Chelsea Flea Market can offer flea market enthusiasts and antiques lover, something more than just another Sunday spent shopping. Here in the shadow of the Cathedral of St. Sava, veteran dealers and shoppers sell, shop, and socialize alongside a new crop of vendors and a new generation of buyers from here and abroad.
This open-air flea market features between 100 and 150 vendors (depending on the weather and calendar) selling a vast array of antiques, collectibles, ephemera, decorative arts, vintage clothing, jewelry, and other types of antiques (items older than 100 years old), vintage items (including Art Deco and Mid-Century Modern items), and other desirable items from the past.
If you are a layman looking to kill some time at the market, chances are that you’ll go home with something at the end of the day. For one thing, most decorative items sold at Chelsea Flea Market are not mass-produced, unoriginal copies that you see at the souvenir shops. Besides, vintage pieces often come with histories and it adds a human touch to it.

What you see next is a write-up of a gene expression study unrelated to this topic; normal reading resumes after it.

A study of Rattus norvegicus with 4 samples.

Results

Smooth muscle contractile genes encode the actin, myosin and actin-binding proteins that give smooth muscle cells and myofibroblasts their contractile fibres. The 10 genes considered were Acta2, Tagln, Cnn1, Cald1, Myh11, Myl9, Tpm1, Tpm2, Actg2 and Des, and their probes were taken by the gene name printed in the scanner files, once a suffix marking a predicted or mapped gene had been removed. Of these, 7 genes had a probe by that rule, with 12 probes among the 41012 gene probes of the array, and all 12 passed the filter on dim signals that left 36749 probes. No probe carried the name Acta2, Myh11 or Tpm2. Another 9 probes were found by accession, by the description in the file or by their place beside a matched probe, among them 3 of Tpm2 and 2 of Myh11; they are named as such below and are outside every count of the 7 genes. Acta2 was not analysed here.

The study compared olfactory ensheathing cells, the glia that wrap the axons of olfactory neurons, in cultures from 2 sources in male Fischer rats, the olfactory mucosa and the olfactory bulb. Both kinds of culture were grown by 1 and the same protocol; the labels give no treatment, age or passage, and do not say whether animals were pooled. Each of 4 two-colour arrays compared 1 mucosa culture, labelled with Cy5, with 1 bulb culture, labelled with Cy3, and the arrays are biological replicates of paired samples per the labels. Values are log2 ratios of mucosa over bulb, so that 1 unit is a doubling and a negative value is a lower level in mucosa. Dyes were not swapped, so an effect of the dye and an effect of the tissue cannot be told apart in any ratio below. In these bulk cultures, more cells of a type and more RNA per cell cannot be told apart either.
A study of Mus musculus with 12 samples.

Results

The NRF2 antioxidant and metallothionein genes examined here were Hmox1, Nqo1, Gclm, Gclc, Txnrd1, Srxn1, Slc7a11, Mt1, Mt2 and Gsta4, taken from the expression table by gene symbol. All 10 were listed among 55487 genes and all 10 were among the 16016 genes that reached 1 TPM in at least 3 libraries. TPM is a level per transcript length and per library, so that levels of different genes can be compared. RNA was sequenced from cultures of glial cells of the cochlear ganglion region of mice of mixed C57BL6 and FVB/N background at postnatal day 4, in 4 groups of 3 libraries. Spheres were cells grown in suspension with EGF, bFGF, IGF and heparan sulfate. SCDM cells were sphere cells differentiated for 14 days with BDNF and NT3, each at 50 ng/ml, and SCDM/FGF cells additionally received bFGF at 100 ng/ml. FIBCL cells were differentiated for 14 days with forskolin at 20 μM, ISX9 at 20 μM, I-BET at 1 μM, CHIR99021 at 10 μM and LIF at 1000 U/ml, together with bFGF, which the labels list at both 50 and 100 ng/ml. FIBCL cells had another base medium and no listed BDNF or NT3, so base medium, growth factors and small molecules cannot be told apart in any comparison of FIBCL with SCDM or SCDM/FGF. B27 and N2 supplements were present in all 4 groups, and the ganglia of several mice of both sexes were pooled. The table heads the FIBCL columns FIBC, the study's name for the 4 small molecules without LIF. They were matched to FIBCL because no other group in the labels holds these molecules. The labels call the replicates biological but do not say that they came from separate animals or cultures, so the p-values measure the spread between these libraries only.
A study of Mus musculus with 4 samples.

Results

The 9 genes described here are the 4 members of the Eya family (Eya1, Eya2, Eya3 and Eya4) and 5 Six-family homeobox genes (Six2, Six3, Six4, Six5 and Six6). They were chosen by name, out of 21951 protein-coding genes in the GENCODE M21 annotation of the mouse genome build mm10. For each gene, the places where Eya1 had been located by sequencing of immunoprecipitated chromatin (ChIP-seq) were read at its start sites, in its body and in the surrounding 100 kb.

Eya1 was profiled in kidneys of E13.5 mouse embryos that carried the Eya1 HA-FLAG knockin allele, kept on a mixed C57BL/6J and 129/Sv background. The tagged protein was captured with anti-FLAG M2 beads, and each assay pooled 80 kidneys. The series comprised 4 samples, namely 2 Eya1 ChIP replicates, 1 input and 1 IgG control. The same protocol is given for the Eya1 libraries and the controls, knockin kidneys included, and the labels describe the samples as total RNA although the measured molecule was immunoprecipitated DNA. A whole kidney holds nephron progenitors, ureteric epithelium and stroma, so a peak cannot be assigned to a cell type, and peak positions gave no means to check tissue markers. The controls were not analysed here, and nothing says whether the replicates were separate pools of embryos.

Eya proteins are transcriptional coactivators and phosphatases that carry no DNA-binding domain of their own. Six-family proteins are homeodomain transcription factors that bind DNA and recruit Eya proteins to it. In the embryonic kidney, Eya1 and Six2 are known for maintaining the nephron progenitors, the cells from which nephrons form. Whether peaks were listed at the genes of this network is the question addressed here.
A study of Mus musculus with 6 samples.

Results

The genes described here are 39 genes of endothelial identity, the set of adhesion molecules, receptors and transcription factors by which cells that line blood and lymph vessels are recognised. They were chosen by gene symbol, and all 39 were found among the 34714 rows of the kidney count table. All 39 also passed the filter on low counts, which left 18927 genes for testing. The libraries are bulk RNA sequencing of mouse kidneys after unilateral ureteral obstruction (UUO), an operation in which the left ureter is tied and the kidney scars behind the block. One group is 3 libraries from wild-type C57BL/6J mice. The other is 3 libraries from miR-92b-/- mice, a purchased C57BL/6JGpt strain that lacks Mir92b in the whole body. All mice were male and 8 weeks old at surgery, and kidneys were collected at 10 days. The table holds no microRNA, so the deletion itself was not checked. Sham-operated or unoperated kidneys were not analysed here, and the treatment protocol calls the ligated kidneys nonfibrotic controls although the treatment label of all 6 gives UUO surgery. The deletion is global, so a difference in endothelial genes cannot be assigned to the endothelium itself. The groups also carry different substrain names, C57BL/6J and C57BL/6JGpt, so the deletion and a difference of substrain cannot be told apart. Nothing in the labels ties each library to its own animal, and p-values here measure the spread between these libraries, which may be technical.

If, on the other hand, you‘re an expert bargain hunter seriously looking for some real deal, you won’t be disappointed. Hodgepodge of stuff is on offer: accessories, antiques, vintage clothes, old cameras, beads and jewellery, decoration, furniture, paintings, and so on.
Most vendors at Chelsea Flea Market are ultra-friendly fellows, some of whom drive in from another town before the crack of dawn. They are stalwarts who have developed a faithful following in the neighbourhood over the years, with still-avid followings from Chelsea’s glory years.
In January 2019 Hell’s Kitchen Flea Market merged with Chelsea Flea Market. Bringing the Hell’s Kitchen vendors to Chelsea created a real critical mass of merchandise that enhances the buying experience for shoppers and the selling experience for vendors.
All in all, Chelsea Flea Market somehow evokes the original Annex Antiques Fair & Flea Market, its forebear begun nearby on Sixth Avenue almost 40 years ago.